Thursday, September 11, 2008

Persona non grata

Evo Morales has declared U.S. Ambassador Philip Goldberg persona non grata, which apparently means he has to leave the country within 48-72 hours. Strangely enough, Goldberg was meeting with the Foreign Minister at the time, discussing the DEA. In a speech, Morales said, "The ambassador of the United States is conspiring against democracy and wants Bolivia to break apart."

I can't find any mainstream media making reference to the meeting Goldberg had with Santa Cruz governor Ruben Costas, a leader of the autonomist/separatist crowd. So the idea that Morales' suspicions are "baseless" is disingenuous to say the least. For the U.S., the eternal problem is that the history of U.S. policy means that Latin American leaders have a reason to be suspicious--even if Goldberg is not involved in some plot, there is very good reason to think he might be.

We'll see where this goes. Morales is doing it also to show his own supporters that he is strong and independent. For the most part, the U.S. response to him has been measured, so will that change?

8 comments:

Anonymous,  1:34 PM  

Greg,

I am not sure if this fits with your definition of "mainstream media", but here is a link to Bolivian media coverage of the meeting:
http://www.boliviaenvideos.com/2008/08/reunin-secreta-entre-prefecto-opositor.html

Best,

Will

Greg Weeks 1:37 PM  

I'd say that a website in Spanish dedicated only to Bolivia is about the very definition of non-mainstream. I am thinking more of U.S. newspapers and TV news sites.

GS,  9:52 AM  

So the idea that Morales' suspicions are "baseless" is disingenuous to say the least. For the U.S., the eternal problem is that the history of U.S. policy means that Latin American leaders have a reason to be suspicious

Great case of “yes and no.” I couldn’t agree more with the weight of the U.S.’s historical baggage.

I couldn’t disagree more with assumption that Goldberg should be seen as involved in a plot purely based on one meeting with Costas and American history in Latin America. I would think you’d want more evidence than that, no? This expulsion is for domestic consumption. Evo is loosing control of the situation in Bolivia. Though he is justified and should exert the authority of the central government to stabilize the situation (along with a political strategy to negotiate a solution to the on-going crisis), he has not done so either out of unwillingness (less likely) or inability (more likely). He needed to do something both to demonstrate that he was doing something and to rally his troops and deflect attention from his domestic problems. Bye, bye Goldberg. Or so I think.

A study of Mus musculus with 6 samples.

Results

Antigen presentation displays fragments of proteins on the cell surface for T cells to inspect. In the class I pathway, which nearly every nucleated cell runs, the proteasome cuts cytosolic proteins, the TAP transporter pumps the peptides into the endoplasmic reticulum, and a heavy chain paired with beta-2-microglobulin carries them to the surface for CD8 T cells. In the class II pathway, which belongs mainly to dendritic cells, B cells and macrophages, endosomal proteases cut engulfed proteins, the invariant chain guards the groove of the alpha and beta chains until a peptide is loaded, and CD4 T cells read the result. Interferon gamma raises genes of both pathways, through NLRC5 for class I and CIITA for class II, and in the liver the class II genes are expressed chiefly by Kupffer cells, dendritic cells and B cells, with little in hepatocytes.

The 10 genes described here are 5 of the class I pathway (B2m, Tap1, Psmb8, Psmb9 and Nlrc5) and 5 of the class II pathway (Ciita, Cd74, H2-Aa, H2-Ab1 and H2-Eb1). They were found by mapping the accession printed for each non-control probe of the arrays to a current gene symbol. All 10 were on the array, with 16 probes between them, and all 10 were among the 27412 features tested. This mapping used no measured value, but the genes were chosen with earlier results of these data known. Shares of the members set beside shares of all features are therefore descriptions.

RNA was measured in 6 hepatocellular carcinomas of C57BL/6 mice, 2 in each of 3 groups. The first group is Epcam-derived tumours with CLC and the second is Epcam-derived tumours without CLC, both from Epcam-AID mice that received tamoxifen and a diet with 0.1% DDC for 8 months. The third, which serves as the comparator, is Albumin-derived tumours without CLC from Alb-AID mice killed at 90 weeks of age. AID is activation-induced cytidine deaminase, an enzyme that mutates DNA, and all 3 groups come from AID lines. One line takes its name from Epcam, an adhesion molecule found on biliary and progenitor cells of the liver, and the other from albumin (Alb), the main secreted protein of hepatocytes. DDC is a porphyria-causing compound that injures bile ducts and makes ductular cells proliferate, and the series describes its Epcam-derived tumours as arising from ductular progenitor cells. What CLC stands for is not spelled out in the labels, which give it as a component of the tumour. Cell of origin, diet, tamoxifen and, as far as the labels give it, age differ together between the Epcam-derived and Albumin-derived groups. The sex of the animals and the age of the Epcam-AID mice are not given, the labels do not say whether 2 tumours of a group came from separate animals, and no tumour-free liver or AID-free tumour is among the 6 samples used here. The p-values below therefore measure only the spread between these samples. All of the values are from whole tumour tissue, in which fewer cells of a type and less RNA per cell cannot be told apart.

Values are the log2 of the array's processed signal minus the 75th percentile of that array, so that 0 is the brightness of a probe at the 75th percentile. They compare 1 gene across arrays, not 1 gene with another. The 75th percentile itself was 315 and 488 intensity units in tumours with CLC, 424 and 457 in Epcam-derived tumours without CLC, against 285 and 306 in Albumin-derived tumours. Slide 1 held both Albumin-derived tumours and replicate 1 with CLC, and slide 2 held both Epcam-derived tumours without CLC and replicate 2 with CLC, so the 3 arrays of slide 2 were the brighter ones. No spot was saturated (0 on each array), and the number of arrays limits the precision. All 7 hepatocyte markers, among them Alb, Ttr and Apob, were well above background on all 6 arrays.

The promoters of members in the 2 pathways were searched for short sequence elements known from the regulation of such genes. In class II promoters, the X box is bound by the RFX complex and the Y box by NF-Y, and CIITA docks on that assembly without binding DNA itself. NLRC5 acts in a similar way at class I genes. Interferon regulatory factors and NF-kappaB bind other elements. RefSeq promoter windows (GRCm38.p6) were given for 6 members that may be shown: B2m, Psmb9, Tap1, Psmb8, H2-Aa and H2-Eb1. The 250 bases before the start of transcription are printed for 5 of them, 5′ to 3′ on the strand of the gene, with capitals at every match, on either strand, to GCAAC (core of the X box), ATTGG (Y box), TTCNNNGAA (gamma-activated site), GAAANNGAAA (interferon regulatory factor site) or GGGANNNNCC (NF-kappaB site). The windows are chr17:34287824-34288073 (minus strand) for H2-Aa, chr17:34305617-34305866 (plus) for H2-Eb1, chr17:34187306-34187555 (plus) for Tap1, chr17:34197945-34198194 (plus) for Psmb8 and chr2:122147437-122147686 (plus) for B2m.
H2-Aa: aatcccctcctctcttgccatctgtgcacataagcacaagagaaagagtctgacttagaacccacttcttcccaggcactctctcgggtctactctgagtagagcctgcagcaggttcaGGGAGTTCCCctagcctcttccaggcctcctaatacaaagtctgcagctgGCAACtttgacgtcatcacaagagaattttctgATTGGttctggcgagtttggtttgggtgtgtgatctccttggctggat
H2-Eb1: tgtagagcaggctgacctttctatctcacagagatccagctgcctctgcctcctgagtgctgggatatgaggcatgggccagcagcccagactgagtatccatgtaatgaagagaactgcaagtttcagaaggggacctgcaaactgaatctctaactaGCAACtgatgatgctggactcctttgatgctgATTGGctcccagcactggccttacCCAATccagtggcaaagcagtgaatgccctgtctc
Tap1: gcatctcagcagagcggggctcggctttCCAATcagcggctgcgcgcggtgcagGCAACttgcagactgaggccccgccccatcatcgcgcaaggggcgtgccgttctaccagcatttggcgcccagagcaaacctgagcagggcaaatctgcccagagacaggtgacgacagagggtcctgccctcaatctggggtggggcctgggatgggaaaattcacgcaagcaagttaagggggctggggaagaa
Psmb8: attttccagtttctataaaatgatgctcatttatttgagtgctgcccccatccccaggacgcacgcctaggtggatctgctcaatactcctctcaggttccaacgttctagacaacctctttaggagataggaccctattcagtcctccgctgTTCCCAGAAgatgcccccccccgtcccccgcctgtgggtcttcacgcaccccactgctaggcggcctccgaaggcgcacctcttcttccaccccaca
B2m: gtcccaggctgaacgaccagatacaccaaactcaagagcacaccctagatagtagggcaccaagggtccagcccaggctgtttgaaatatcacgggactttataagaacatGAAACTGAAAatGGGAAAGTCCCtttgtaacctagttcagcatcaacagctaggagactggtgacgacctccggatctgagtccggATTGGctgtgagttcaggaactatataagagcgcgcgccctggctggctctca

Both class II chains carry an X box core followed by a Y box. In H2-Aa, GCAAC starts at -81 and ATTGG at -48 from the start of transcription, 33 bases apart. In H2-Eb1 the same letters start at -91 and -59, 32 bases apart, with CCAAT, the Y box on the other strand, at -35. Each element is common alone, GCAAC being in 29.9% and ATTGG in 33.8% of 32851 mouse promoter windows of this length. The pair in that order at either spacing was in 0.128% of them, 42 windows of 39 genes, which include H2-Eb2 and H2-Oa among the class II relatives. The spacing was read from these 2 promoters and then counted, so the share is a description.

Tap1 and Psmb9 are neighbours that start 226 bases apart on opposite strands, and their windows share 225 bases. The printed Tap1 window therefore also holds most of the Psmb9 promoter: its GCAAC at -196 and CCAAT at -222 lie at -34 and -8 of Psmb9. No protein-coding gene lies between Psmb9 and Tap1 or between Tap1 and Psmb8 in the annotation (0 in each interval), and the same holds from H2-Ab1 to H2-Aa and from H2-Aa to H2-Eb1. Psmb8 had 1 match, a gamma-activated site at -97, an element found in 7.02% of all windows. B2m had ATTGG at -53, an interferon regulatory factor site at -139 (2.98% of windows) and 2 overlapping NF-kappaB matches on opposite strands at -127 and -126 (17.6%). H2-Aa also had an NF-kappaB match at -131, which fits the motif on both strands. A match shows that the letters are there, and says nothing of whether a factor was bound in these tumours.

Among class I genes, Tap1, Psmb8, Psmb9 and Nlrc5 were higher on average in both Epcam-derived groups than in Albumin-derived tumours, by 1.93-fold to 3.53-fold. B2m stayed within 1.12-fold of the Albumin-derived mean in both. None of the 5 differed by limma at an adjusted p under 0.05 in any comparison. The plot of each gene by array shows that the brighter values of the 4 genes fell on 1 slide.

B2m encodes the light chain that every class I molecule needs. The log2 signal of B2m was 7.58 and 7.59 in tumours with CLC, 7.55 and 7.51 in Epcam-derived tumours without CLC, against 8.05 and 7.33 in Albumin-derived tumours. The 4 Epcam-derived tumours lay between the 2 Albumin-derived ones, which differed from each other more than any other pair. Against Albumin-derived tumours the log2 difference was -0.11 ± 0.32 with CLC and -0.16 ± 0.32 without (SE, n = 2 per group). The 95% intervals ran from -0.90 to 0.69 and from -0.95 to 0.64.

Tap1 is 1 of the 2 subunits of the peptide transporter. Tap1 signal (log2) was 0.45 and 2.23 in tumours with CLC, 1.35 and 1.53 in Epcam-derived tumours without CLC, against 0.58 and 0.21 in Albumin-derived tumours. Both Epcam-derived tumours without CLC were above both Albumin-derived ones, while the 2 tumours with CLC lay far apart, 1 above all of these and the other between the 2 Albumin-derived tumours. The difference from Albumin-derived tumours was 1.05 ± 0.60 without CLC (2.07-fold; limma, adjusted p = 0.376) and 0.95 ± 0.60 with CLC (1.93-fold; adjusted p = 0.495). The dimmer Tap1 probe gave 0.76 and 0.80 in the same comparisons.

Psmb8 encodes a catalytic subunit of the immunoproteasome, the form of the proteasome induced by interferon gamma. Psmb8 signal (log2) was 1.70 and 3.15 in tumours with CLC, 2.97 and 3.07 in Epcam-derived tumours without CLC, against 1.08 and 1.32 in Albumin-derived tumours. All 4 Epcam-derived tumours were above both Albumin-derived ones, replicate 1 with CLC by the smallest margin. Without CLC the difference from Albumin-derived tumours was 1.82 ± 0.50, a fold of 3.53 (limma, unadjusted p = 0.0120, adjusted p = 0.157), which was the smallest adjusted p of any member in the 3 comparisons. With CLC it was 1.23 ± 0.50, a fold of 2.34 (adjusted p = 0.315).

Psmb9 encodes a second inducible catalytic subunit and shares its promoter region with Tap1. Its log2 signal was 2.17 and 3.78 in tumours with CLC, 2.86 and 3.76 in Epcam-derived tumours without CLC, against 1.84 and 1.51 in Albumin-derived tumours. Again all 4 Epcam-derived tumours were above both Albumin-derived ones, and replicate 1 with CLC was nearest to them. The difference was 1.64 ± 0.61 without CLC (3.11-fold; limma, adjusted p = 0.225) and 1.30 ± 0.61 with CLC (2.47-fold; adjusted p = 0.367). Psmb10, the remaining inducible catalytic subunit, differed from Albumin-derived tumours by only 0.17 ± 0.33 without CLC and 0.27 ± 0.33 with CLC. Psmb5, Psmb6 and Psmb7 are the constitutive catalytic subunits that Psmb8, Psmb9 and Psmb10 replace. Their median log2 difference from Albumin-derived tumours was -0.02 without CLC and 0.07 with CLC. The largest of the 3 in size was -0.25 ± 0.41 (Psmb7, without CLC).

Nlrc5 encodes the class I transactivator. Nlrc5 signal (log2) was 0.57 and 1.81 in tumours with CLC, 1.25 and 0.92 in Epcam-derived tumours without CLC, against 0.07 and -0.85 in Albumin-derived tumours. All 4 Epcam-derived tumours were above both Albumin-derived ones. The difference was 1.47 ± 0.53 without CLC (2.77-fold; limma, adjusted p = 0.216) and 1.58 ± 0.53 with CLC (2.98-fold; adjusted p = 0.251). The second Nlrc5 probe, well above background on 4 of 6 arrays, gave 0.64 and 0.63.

Greg Weeks 10:04 AM  

I already mentioned in the post that he's interested in rallying his base. My interest is more in the U.S. coverage of the expulsion, which suggests that Morales has no reason to be suspicious of Goldberg, which for a variety of reasons is not a valid argument.

Whether he should have expelled him is a different matter--I don't feel strongly one way or the other.

mcentellas 10:07 AM  

I think the expulsion was a huge mistake, since it'll cost Bolivia more than it can gain. Does Evo have reason to be uneasy about the US role? Sure. Is there any actual evidence that the US is behind the current domestic crisis? No. Frankly, I think this was a meant as a distraction and to rally popular support. It's particularly odd that Evo announced the expulsion of the ambassador at the same time as Goldberg was meeting w/ Bolivia's state minister. It makes it seem like a snap decision.

Greg Weeks 10:39 AM  

I think whether it costs Bolivia much depends on how things play out. Maybe things cool down, and Morales can get some nice noises from the U.S. about support for democracy, etc. Or maybe they stay hot, insults fly, and then you might kiss the ATPDEA (which expires on Dec. 31) goodbye.

Boli-Nica 1:04 PM  

I can't find any mainstream media making reference to the meeting Goldberg had with Santa Cruz governor Ruben Costas, a leader of the autonomist/separatist crowd. So the idea that Morales' suspicions are "baseless" is disingenuous to say the least.

The reason there is no "mainstream" coverage is that there is nothing extraordinary about meetings b/w the US ambassador and the popularly elected governor of one of the most populated departments in the country, a major export hub that sends millions of dollars worth of goods to the US.

For that matter there is nothing strange about a US Ambassador (or any ambassador) meeting with the chamber of commerce, politicians, rural cooperatives, and so on.

Just as a point of comparison. Cuba's ambassador to Colombia attends regional events at the invitation of provincial governors, meets with politicians including those from the opposition speaks at national media forums and no one makes much of a stink. Additionally, Colombia's relations with Cuba seem stable enough for almost 60 Cubans to work in official capacities in Colombia. It goes without saying that Cuba for the past 50 years has hardly been
"non-intervenionist" in Colombia - a country where at least two "Castrista" groups M-19 and the still active ELN were/are players in the ongoing conflict. Cubas past history and ideology makes them as untrustworthy as anyone else in the hemisphere.

That Colombia can deal with Cuba in that manner, in the middle of a violent and complicated conflict, shows just how paranoid and simplistic, Bolivia's present government is.

Greg Weeks 3:45 PM  

In that comparison, you want to equate Cuba with the U.S.? Cuba has the power to do exactly nothing to Colombia.